J.C. Penney Reports Huge Slide in 4Q Profit


    J.C. Penney Co. reported a 51 percent drop in fourth-quarter profit on Friday as customers sharply cut spending on clothing and other more discretionary items. The department store chain also projected a wider first-quarter loss than analysts had predicted.

    The retailer earned $211 million, or 95 cents per share, for the three months ended Jan. 31. That compares with $430 million, or $1.93 per share, a year earlier.

    Sales dropped almost 10 percent to $5.76 billion from $6.39 billion. Same-store sales, or sales at stores open at least a year, fell 10.8 percent. Same-store sales are a key indicator because they measure growth at existing stores rather than newly opened ones.

    Analysts surveyed by Thomson Reuters had expected the Plano, Texas -based company to earn 92 cents per share on revenue of $5.76 billion.

    Department store chains like Penney and Macy's Inc. have been among the hardest hit retailers in the recession as shoppers have focused on necessities. To adjust to the new environment, Penney is opening fewer stores and slashing inventories.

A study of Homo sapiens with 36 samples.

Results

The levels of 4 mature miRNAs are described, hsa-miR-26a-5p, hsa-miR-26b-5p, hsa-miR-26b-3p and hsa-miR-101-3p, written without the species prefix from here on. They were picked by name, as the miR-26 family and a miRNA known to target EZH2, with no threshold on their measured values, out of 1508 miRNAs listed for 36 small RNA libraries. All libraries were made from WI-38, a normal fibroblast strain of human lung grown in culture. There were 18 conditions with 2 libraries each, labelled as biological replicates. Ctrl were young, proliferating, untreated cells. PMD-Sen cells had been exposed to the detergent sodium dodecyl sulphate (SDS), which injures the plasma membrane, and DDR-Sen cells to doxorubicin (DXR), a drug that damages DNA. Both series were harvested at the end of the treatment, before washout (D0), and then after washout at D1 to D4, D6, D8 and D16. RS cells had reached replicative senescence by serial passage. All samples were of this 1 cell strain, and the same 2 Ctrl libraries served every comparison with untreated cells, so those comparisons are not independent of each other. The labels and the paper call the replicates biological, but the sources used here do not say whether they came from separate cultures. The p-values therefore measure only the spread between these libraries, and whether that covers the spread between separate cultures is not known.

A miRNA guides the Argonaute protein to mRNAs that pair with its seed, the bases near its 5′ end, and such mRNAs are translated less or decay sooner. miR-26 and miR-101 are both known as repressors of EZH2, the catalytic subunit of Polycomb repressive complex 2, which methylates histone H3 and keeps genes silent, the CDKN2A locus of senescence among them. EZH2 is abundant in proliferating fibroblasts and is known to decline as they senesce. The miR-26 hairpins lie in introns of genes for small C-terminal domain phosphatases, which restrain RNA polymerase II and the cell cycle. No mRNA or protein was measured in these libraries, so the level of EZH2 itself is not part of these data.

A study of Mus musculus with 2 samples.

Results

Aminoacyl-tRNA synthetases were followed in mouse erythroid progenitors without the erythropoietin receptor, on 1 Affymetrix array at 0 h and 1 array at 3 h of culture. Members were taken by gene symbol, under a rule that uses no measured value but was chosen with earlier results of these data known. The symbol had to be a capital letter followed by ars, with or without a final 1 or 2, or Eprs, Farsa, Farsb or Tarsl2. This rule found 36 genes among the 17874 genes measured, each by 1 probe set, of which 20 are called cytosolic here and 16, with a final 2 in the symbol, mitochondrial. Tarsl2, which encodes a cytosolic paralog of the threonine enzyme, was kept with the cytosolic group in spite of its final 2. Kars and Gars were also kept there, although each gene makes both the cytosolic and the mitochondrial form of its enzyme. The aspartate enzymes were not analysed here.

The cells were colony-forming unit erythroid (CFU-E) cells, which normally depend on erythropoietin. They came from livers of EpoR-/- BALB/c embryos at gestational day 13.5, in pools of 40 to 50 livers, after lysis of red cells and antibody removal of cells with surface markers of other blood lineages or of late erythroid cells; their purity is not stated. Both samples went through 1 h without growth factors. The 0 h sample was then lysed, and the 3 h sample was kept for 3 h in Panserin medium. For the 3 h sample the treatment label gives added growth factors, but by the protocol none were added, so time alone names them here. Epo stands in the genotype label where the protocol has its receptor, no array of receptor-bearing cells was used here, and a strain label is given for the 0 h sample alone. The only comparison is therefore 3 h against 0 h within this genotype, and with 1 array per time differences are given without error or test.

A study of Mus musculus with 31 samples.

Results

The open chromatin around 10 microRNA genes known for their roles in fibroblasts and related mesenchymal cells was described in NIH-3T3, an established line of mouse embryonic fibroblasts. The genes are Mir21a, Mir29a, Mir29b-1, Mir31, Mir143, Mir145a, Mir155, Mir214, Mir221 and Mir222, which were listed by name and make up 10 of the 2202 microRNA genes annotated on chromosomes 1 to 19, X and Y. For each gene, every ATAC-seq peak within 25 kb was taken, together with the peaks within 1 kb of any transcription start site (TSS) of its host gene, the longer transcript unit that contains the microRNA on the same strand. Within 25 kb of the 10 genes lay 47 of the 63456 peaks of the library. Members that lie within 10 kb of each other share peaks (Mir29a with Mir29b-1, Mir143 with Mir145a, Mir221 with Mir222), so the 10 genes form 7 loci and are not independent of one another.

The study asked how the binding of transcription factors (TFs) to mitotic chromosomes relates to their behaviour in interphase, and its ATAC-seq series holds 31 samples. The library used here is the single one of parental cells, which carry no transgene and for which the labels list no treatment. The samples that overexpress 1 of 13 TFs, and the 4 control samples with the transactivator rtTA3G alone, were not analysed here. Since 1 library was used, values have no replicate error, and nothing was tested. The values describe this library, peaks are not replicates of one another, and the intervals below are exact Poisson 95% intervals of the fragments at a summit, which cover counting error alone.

At the same time, the chain has been aggressively expanding its portfolio of exclusive labels aimed at younger customers. New this spring are Allen B. By Allen B. Schwartz and "Heart" Ronson by Charlotte Ronson. They are part of handful of trendy fashions that Penney will spotlight in a TV ad campaign that will launch Sunday during the Academy Awards.

    "Throughout the year, we took steps to significantly reduce our inventories and operating expenses in order to withstand the impact of the economic conditions," Myron E. Ullman III, the company's chairman and chief executive, said in a statement. "At the same time, we stepped up the style we offer and focused on effectively communicating the newness, excitement and value in our merchandise."

    But the company said it expects a per-share loss of between 20 cents and 30 cents in the first quarter. Analysts had expected a loss of 19 cents, according to Thomson Reuters. Penney also said total sales would drop from 10 percent to 13 percent and that same-store sales would drop between 12 percent and 15 percent in the first quarter.

    As of Jan. 31, Penney said, it had cash and cash equivalents of $2.4 billion and long-term debt of $3.5 billion. Merchandise inventories totaled $3.3 billion and were about 13.5 percent lower than last year on a same-store sales basis. Capital expenditures were approximately $970 million in 2008, moderately lower than the company's $1 billion plan.

    Penney said Friday that it has decided not to hold its annual analysts' meeting in Plano because of many firms' constrained travel budgets. Instead, it will hold the meeting in New York on April 22.